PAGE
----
WFA: Without Changes, Ad Fraud May Reach $150 Billion Annually

Ad fraud is likely to exceed $50 billion globally by 2025, according to a new report from the World Federation of Advertisers. The report said that ad fraud should be considered a form of “organized crime” and that the activity is “second only to the drug trade as a source of income.” 

The $50 billion figure is a conservative estimate, per the report, which advises that “without sufficient counter measures, it’s easy to produce scenarios where ad fraud revenues equate to $150 billion per annum in the same time frame.” 

The report, compiled by the WFA in conjunction with the Advertising Fraud Council and, concludes that “virtually any programmatic buy can be exposed to ad fraud.” 



The report also asserts that viral spam sites, providing little to no opportunity for advertising effectiveness, are “endemic across the internet.” 

Ad fraud is also found among premium publishers, for example. in the form of sourced traffic. “Low quality sourced traffic has become common place among publishers, often as a means to deliver campaign targets to advertisers.” 

“Until the industry can prove that it has the capability to effectively deal with ad fraud, advertisers should use caution in relation to increasing their digital media investment, to limit their exposure to fraud,” the report surmises. 

The WFA recommends a number of actions to help brands to reduce their exposure to ad fraud, including: 

  • The development of in-house expertise to support vendor selection, work with cyber security partners to help understand common threats and demand full transparency of investment, including full disclosure of the Web sites being used to promote their products or services.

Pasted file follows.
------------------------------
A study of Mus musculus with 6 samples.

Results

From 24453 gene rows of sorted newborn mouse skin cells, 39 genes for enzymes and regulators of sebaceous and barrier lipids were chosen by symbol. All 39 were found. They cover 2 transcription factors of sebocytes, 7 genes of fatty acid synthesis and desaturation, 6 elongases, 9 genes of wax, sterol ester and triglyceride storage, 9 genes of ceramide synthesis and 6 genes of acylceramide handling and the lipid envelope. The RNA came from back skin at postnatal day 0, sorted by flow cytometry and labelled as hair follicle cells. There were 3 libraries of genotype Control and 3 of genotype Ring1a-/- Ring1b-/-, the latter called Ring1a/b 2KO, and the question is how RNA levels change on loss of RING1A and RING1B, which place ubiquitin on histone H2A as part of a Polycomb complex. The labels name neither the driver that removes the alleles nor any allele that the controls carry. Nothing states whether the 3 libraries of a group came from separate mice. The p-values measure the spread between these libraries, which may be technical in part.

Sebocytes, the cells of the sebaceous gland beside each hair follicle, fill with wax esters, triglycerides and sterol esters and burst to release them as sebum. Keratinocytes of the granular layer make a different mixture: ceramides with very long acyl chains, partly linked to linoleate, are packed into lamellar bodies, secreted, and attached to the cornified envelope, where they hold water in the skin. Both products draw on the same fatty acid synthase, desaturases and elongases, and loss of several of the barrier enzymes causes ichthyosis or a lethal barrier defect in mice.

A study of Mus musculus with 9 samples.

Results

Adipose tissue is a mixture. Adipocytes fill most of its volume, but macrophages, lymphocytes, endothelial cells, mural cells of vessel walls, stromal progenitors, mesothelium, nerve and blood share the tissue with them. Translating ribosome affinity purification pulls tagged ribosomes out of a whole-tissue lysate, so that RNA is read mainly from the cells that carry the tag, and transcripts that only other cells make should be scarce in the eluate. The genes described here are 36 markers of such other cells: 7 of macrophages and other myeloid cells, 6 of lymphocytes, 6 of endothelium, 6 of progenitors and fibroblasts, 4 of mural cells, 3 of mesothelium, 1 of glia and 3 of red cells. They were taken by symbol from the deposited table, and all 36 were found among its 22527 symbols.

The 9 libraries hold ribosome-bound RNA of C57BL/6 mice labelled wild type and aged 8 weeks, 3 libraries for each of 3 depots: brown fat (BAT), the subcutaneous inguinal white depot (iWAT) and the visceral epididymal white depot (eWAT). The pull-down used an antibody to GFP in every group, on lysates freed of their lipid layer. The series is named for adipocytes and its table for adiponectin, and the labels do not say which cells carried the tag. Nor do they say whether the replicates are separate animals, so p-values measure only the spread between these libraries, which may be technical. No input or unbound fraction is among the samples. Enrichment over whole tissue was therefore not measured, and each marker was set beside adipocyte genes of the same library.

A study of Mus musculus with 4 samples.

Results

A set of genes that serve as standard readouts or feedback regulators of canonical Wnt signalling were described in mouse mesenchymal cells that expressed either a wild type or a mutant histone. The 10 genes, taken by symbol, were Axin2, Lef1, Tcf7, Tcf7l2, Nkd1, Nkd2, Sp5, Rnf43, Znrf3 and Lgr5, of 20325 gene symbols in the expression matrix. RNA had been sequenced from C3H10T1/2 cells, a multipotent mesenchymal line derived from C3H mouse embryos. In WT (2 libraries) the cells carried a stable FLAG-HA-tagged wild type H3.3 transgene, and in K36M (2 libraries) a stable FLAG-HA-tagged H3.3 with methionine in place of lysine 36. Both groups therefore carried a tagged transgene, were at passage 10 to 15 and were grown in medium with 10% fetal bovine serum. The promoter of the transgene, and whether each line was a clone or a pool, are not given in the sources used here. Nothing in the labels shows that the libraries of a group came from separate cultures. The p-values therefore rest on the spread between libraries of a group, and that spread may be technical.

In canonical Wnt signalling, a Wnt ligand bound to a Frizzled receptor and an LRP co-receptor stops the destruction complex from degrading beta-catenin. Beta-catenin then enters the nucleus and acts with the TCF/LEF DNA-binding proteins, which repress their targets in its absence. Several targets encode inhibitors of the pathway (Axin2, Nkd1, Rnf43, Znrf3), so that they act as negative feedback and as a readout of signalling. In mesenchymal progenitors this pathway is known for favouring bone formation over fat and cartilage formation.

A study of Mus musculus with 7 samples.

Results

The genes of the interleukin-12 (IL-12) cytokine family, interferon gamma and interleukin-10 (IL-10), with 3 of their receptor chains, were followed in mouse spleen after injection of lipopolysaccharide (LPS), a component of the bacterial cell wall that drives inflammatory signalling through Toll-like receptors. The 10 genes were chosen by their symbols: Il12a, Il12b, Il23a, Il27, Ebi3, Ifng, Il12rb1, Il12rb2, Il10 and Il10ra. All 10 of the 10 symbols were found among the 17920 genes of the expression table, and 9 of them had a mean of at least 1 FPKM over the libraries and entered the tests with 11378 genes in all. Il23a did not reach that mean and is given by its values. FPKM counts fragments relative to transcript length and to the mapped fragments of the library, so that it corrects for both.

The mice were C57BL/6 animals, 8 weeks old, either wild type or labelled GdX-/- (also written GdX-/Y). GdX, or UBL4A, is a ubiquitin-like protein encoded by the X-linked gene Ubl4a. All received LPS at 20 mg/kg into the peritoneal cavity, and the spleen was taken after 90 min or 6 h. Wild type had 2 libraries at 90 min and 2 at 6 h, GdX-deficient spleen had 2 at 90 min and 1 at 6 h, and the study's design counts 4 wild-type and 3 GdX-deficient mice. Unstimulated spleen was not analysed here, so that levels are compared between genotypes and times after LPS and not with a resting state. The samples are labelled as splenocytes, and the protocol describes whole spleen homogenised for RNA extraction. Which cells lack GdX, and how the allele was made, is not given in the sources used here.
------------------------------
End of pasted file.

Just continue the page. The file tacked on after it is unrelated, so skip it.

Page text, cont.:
• Brands should set appropriate metrics that, where possible, relate back to business outcomes. They should also encourage open information sharing related to preventing ad fraud.
  • Marketers should avoid run of exchange buys in favor of databases of safe sites. Advertisers that need to hit digital investment targets may have to accept that these will not be achievable without exposing themselves to high levels of fraud.
  • Contracts with agencies and vendor partners need to be revised to ensure that there are clear penalties for misallocating spend to ad fraud related inventory, where preventing it could be reasonably achieved. 

“Advertisers are the sole victim of ad fraud and the WFA wants to equip them with the tools to minimize their exposure,” stated, Stephan Loerke, CEO, WFA. “There is much that advertisers can do  to improve the situation in terms of setting new standards, contractual changes and increased transparency, but ultimately behavior change is required across the industry,” Loerke added.

A full copy of the report can be viewed here .

2 comments about "WFA: Without Changes, Ad Fraud May Reach $150 Billion Annually".

    Yep, it's only getting worse especially on the mobile side.  The need for BioChronometrics continues.

  2. Paula Lynn from Who Else Unlimited, June 19, 2016 at 3:59 p.m.

    Do not understand why anyone is surprised.